I’m not sure where to begin, but I did very much like this:
The methods I gave earlier for advertising interests (“Did you know … Joshua Schachter also competitively whittles Persian cats”) let you learn more about the people you already know. That’s an important difference from the prototypical serendipitous recommendation: “you and X should become friends!” As Liz Goodman pointed out, we’re grown-ups and have lots of friends already. What else can the software do for us besides making it even harder to keep up with all the people we know? People are conversational animals, give them more things to talk about.
It reminded me of a moment I had last week when Jenn Sramek introduced herself on the CivicActions Team list. I’ve never met Jenn, and we haven’t worked directly with each other yet, so I had no way of really know what she was like or what kind of things she did outside of managing projects for CivicActions. Turns out she is into environmental sustainability and has worked on some interesting projects related to sustainability. She and I exchanged a few emails about some interesting sustainability projects and I e-introduced her to some friends of mine.
Similarly, at our recent retreat in Amsterdam, I learned that Karyn Gladstone does trapeze! That is pretty cool. My girlfriend and I have talked about taking some classes in trapeze, and interest both of us have had since before we met (I make this poitn because it is not like we met because of teh trapeze and we had no idea of know that the other had an interest in it untl we were talking about Circus Contraption or maybe I mentioned the NY Trapeze School), but have never really acted on. Now I can ask Karyn about trapeze.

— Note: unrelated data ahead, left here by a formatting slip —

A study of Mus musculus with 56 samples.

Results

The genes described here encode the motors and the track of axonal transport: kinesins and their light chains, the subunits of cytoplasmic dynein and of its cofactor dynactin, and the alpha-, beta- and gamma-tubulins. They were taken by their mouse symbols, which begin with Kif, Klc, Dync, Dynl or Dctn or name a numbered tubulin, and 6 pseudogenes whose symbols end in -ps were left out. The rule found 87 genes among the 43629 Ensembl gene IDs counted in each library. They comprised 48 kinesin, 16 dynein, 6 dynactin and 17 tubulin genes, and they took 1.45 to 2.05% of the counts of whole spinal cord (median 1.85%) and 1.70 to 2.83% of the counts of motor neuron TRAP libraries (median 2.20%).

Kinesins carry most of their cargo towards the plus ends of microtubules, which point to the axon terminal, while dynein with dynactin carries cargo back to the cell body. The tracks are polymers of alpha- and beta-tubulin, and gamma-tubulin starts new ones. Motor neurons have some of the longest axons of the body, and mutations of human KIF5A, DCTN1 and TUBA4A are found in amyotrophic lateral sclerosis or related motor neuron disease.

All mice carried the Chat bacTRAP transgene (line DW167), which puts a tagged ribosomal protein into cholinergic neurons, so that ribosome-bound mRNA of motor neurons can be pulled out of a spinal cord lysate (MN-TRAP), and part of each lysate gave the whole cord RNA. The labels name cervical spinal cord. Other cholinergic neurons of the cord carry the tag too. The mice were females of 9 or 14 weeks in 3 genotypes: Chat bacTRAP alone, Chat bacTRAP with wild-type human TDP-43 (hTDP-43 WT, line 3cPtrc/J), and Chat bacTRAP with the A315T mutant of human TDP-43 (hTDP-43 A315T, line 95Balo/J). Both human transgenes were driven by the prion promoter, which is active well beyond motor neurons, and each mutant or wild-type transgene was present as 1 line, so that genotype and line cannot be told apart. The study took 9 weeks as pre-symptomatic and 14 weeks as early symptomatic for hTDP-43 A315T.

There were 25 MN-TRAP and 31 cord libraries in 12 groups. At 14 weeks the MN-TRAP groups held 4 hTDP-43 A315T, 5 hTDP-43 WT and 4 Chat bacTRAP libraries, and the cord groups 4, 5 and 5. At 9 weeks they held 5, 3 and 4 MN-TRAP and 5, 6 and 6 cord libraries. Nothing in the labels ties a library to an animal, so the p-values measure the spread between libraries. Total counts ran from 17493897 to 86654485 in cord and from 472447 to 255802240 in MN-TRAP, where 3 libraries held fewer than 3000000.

But isn’t countering Homophily and pointing out these interesting tangents — these serendipities — kind of like identifying the things that you don’t know you don’t know? Maybe I actually am missing the point of the O’Reilly article in my anecdotes above. Neither bit of information I leanred “challenges” the way I think, it is just stuff I didn’t know, and wouldn’t have thought to ask. And we’re a pretty small “social” network at CivicActions and we do, by default, have a lot in common.
This is definitely interesting to think about, especially when we talk about Search, content aggregation and the like.
Last thought, I love this:
Another way to build in serendipity is to have pivotal navigation: tags, top ten lists, and Flickr’s interestingness measure are all ways to break people out of whatever group they’re in and take them to something new. Links are at the heart of this: we’ve all been lost in clicking our way through a drunkard’s walk of the Internet at one point or another. Inspire that in people: build those links and the metadata behind them into your site from the get-go.
Pivotal Navigation! We were talking pivots in mid 2005!